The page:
In a new essay, the 29-year-old revealed how a childhood trauma-inspired eating disorder deeply affected her self-image and eventually led her to rehabilitation.

Tallulah Willis says the synchronicity of her father Bruce Willis’s decline in health and her struggle with anorexia nervosa led to her diagnosis of borderline personality disorder.

Demi Moore's 'Inside Out' Book Party
Rumer Willis, Demi Moore, Bruce Willis, Scout Willis, Emma Heming Willis and Tallulah Willis on September 23, 2019 in Los Angeles, California. Stefanie Keenan / Getty Images for goop

In a May 31 essay for Vogue, Tallulah Willis spoke about the shattering turns of her eating disorder, pinpointing it to a specific trauma from when she was 11 years old.

Now 29 years old, Tallulah Willis recalled how years ago she had come home from an event after making an appearance alongside her mother, Demi Moore, filled with youthful excitement.

“I wanted to see if my outfit had made the party pages of any of the style websites,” she explained, noting how her search took place during the era of blogging in which the harsh critique of celebrity children was heavily embedded in pop culture.

She then recalled landing on a page where the comments section focused on how different she was in appearance from her “famously beautiful” mother.

“‘Wow, she looks deformed.’ ‘Look at her man jaw — she’s like an ugly version of her dad.’ ‘Her mother must be so disappointed,’” Tallulah Willis remembered of the remarks she saw.

Carrying the sentiments of those comments with her decades later, Tallulah Willis says that she ultimately internalized them even further as she became an adult. When her father began to display early signs of frontotemporal dementia, she mistook his symptoms as disinterest.

“(His symptoms) started out with a kind of vague unresponsiveness, which the family chalked up to Hollywood hearing loss: ‘Speak up! ‘Die Hard’ messed with Dad’s ears,’” she noted. “Later, that unresponsiveness broadened, and I sometimes took it personally. He had had two babies with my stepmother, Emma Heming Willis, and I thought he’d lost interest in me. Though this couldn’t have been further from the truth, my adolescent brain tortured itself with some faulty math: I’m not beautiful enough for my mother, I’m not interesting enough for my father.”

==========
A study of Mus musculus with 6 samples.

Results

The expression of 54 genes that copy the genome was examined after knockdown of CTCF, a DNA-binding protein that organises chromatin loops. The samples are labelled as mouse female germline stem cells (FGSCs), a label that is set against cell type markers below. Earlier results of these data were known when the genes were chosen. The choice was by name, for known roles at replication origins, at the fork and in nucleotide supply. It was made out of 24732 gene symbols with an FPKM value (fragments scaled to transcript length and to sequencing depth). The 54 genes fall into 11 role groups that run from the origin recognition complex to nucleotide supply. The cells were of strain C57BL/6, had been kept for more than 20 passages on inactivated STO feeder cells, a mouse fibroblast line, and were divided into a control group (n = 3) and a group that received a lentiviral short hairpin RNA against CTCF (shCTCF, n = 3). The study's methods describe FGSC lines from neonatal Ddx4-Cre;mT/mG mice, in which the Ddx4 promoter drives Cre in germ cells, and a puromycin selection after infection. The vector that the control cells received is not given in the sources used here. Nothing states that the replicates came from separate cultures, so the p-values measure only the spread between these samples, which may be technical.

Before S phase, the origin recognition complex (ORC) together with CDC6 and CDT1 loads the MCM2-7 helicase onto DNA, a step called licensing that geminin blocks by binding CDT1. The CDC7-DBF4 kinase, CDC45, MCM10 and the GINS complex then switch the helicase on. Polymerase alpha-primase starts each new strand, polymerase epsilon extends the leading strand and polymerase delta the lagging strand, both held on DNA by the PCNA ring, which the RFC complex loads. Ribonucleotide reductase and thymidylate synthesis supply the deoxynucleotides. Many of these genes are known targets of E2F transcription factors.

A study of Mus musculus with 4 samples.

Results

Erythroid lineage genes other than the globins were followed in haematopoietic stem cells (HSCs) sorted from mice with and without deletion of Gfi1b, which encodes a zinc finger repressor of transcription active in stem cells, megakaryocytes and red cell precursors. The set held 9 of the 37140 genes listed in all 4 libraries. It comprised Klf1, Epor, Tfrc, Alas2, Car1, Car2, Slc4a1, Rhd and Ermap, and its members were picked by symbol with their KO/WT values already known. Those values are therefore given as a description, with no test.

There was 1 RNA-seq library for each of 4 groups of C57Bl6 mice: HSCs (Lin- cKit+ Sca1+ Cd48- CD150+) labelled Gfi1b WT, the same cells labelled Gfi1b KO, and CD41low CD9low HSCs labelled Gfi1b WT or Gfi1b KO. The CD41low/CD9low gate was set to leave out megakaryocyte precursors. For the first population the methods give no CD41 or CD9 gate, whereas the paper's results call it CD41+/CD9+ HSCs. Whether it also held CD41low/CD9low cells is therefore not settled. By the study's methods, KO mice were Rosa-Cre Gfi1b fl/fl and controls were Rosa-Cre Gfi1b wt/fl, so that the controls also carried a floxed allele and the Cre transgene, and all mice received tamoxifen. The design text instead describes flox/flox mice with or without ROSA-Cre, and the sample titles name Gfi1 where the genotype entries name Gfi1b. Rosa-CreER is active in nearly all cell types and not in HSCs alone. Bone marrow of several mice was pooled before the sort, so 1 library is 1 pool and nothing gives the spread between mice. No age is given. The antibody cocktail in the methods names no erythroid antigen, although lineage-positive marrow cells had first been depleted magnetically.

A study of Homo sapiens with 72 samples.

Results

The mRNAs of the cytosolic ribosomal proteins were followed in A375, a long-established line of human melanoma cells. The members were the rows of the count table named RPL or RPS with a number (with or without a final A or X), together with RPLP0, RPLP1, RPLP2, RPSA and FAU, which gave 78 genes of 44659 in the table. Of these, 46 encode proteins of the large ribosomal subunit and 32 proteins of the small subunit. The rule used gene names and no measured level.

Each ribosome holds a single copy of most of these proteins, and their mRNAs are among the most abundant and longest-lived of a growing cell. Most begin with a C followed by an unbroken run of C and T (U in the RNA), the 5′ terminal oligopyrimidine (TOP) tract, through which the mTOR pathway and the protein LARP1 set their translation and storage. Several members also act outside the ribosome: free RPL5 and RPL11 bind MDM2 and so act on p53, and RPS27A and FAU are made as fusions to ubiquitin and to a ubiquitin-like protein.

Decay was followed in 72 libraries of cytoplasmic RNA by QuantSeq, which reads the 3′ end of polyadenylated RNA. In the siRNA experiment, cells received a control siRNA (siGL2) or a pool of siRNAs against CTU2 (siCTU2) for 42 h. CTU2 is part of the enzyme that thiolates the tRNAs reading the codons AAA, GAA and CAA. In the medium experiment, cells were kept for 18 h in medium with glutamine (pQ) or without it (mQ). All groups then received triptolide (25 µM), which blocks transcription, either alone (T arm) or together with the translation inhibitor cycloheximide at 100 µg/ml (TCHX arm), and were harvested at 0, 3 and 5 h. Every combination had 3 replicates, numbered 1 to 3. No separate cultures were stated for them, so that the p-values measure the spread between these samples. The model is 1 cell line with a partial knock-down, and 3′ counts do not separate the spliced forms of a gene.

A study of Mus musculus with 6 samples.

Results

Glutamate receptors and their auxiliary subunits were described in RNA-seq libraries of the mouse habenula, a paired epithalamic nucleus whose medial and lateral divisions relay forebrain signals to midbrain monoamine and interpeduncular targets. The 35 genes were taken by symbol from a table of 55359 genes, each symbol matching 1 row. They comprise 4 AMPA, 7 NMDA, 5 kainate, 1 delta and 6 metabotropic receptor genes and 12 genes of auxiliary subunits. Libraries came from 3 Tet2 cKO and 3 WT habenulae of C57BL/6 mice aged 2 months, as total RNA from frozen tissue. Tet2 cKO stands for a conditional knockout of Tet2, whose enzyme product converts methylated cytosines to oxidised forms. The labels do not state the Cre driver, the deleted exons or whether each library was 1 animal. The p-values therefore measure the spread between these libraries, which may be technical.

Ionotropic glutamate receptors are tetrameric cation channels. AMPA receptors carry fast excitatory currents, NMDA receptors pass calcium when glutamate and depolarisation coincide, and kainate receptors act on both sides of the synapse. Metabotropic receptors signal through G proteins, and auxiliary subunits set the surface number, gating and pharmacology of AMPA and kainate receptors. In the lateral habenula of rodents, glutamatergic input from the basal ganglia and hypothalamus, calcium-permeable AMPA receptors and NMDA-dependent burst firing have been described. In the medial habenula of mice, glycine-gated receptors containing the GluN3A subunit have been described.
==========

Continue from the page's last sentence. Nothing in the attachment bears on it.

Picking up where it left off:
In February of this year, Tallulah Willis' mother revealed that Bruce Willis, 68, had been diagnosed with a neurocognitive disorder after being diagnosed with aphasia in 2022.

To cope with her father’s progressing symptoms, Tallulah Willis says she began to subscribe to a “share of avoidance and denial.”

“The truth is that I was too sick myself to handle it. For the last four years, I have suffered from anorexia nervosa,” she admitted.

Tallulah Willis went on to share that after becoming sober at 20, restricting her food intake “felt like the last vice” she had. Her disordered eating ballooned only further after she was diagnosed with ADHD at the age of 25 and given stimulant medication.

AFI FEST 2019 Presented By Audi – Screening Of "Hala"
Tallulah Willis attends the Screening of "Hala" at AFI FEST 2019 presented by Audi at TCL Chinese 6 Theatres on November 18, 2019 in Hollywood, California. Axelle/Bauer-Griffin / FilmMagic

“I felt smart for the first time, but I also started to enjoy the appetite-suppressant side effect of the meds,” she explained adding that eventually, however, her sense of self went “haywire.”

“While I was wrapped up in my body dysmorphia, flaunting it on Instagram, my dad was quietly struggling,” she added.

After dropping more weight and being broken up with by her fiancé, Tallulah Willis recalled how her family sent her to a rehabilitation center in Texas, where she was diagnosed with Borderline Personality Disorder.

After five months, she left feeling changed.

“I realized that what I wanted more than harmony with my body was harmony with my family — to no longer worry them, to bring a levity to my sisters and my parents,” she remarked. “An emaciated body wouldn’t do that. I had felt the weight of people worrying about me for years, and that put me on my knees.”

“Recovery is probably lifelong, but I now have the tools to be present in all facets of my life, especially in my relationship with my dad. I can bring him an energy that’s bright and sunny, no matter where I’ve been,” she explained towards the end of her essay. “And now that I’m feeling better, I ask myself, How I can make him more comfortable?”